SAN RAMON, Calif. -- Apple on Tuesday unveiled its next iPhone lineup, showing off a model that offers twice the storage available in earlier versions and making other modest upgrades to last year's editions that proved to be a big hit among consumers.
As has been the case since Apple's late co-founder unveiled the first iPhone in 2007, Apple executives talked reverently about the latest model in the pre-recorded video event streamed Tuesday, even though it isn't dramatically different from the version Apple released nearly a year ago.
Like last year's model, the new iPhone 13 will come in four different designs, with prices starting from $700 to $1,100. They're scheduled to be in stores Sept. 24.
"It's an incremental upgrade," said Gartner analyst Tuong Nguyen. "Some of the new features are impressive, but most of them are not noticeable or practical for most users."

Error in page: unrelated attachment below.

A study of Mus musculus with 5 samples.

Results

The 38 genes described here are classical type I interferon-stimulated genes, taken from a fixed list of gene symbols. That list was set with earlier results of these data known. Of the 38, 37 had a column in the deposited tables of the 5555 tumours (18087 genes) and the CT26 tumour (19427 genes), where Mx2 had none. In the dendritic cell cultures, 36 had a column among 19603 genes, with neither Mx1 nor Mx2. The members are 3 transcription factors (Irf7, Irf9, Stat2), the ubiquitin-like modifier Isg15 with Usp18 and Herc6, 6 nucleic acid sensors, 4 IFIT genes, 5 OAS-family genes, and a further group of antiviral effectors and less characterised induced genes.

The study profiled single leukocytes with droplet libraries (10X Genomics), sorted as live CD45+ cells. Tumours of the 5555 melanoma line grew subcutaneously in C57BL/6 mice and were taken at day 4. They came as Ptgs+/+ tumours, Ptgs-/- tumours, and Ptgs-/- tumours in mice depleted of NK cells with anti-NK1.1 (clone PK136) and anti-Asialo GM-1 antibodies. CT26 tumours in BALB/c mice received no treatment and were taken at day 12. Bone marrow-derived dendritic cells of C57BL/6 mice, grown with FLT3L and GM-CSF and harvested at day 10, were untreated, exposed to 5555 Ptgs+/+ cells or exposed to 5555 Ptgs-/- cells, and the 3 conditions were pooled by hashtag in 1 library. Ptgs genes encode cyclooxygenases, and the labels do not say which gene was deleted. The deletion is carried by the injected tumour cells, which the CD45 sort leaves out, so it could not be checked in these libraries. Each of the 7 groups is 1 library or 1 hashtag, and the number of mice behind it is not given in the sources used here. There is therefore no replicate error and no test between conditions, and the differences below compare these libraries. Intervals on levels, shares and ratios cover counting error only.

One of the most notable changes in the iPhone 13 will be an option for a full terabyte of storage -- that's 1,000 gigabytes -- on the device, up from its previous maximum of 512 gigabytes. That's enough storage to accommodate roughly 250,000 photos, or about 500 hours of high-definition video.
Apple is also promising better cameras on the iPhone 13, including an improved ultrawide lens, a cinematic-like video feature and technology for better nighttime pictures. As usual, the latest iPhones are supposed to have longer-lasting batteries, too.
"We keep making the iPhone more capable," Apple Chief Executive Officer Tim Cook said.
These kinds of incremental upgrades have become routine for Apple and other device-makers in recent years as the pace of smartphone innovation has slowed, even while prices for some phones have climbed above $1,000. That trend has prompted more consumers to hold on to their older smartphones for longer periods.
But the release of last year's iPhone 12 unleashed one of Apple's biggest sales spurts since 2014, possibly because the pandemic helped make homebound people realize it was time to get a newer and better model than what they had been using.
Apple's shares dipped 1% Tuesday in a sign that investors weren't excited by what they saw in the new iPhones.